There’s nothing more feel-good than an underdog story and Dream Horse really satisfies if you’re looking for the comforting movie equivalent of a weighted blanket.
That’s not a slight. There is something very restorative about an old-fashioned drama that gets you laughing, smiling and maybe shedding a tear – out of triumph, not sadness.
With the star power of Toni Collette and Damian Lewis, plus a cracker of a true story, Dream Horse is that movie, a deftly crafted film about a woman from a small Welsh town who had the unlikely ambition of owning a champion racehorse and then made it happen.
Every morning Jan Vokes (Collette) wakes up in bed with her husband Brian (Owen Teale) and her Irish wolfhound. She gets up and goes to her job at a local supermarket, then goes to see her elderly parents, makes dinner and then goes to her second job as a bartender.
When Jan overhears accountant Howard Davies (Lewis) regale his friends with tales from his glory days as part of a racing horse syndicate, an idea is born – an idea that offers an escape from the humdrum routine she’s settled into.
With only a few hundred pounds, she buys a mare and makes a proposal to her fellow townspeople: chip in 10 quid a week and you get an equal share in the mare’s foal.
The syndicate was born around a billiards table above which was a light that could only be powered on by 50p at a time. The ragtag group wasn’t made up of toffs who wouldn’t pick up a 10-pound note if it flew up to them on the ground.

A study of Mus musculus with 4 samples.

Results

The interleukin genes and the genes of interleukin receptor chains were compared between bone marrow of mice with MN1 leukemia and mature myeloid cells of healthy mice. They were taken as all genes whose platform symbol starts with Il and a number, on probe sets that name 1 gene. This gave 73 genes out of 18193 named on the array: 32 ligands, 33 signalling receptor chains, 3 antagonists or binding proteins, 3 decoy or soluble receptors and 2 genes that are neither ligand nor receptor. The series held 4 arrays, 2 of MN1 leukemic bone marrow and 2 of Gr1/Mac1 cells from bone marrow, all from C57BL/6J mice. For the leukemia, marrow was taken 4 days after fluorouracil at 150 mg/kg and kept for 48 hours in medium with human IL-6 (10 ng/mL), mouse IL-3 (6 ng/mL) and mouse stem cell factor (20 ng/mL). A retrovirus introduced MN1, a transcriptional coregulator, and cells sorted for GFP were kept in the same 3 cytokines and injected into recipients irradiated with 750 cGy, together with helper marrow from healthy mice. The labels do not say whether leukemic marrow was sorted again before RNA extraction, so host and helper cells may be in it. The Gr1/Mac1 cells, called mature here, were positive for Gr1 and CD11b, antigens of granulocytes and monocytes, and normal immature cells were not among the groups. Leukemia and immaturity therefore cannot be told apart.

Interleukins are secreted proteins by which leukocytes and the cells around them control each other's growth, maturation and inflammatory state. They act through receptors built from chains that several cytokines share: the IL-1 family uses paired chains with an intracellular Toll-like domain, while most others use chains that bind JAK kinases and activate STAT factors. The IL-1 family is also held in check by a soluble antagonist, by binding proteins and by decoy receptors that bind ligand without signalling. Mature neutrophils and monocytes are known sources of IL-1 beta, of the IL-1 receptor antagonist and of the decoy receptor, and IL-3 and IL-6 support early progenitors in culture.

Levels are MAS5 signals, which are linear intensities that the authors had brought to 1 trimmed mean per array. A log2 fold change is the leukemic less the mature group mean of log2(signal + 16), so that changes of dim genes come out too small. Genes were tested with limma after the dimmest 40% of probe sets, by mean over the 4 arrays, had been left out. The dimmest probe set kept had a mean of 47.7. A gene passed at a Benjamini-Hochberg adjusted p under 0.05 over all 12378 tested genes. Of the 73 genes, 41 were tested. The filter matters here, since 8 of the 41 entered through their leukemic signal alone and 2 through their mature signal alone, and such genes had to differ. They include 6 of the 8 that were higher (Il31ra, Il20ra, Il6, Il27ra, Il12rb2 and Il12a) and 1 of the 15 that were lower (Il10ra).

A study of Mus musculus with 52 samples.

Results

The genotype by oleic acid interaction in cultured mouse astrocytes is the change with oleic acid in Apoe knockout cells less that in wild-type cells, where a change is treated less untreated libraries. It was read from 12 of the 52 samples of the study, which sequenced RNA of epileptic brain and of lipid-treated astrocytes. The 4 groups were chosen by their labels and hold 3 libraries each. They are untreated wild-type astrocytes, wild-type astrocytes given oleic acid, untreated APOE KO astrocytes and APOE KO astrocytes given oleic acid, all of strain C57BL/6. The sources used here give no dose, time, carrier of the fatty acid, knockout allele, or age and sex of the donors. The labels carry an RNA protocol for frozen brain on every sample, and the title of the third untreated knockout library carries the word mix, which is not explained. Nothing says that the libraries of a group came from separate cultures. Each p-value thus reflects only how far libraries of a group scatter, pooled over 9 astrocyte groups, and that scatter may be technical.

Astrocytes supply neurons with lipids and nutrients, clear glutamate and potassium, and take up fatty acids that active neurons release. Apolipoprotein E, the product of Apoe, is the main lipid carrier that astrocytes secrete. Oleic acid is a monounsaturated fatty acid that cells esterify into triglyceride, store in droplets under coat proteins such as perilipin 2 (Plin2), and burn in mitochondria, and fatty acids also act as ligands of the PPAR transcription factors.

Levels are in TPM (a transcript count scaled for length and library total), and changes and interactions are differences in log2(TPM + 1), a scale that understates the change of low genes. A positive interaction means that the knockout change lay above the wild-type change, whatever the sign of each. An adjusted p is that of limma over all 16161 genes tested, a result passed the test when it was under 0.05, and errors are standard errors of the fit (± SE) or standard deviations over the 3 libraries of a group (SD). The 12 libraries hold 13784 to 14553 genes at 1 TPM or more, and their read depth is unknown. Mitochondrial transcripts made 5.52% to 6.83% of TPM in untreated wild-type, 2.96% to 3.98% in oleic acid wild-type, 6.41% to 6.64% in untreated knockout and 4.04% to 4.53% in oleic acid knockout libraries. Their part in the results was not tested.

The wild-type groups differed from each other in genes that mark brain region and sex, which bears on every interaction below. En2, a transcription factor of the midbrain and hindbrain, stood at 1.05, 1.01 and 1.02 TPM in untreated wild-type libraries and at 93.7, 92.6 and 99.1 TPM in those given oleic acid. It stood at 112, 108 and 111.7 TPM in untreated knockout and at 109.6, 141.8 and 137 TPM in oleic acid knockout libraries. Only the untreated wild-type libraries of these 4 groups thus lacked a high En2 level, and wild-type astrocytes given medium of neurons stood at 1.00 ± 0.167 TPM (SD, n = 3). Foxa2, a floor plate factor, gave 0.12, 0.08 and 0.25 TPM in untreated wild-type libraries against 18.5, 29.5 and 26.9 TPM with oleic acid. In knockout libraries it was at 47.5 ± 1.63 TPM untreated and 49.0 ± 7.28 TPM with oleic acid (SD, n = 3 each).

These are working and retired folks from a former mining town that’s seen better days, where a weekly 10 quid contribution is a stretch, where days end with degunging the mincer and whose small joys come from Tunnock’s Tea Cakes. They tend to stick out in the owners’ box at the races.
The syndicate’s foal, Dream Alliance, would go on to have a surprising career – otherwise no one would ever have heard of this story, and it wouldn’t have become this movie (and a 2015 documentary that premiered at Sundance).
Dream Horse, directed by Euros Lyn with a screenplay by Neil McKay, doesn’t get into the dubious ethics of horse racing – nor would you expect it to, it’s really not that kind of movie – and the focus is really on the characters of Jan and Howard, and the purpose and sense of community that is brought into their lives.
Collette and Lewis are both sensitive performers who can bring that renewed determination and verve to their roles while the supporting cast including Teale, Sian Phillips, Joanna Page and Karl Johnson all round out this affable group.
When the syndicate was formed, Howard tells them there’s a less than one per cent chance they would ever make any money out of it, and the reason you join is for “hwyl”.
“Hywl” is a Welsh word that is described on-screen as a “feeling of emotional motivation and energy” – and Dream Horse has certainly imbued its likeable story with plenty of “hwyl”.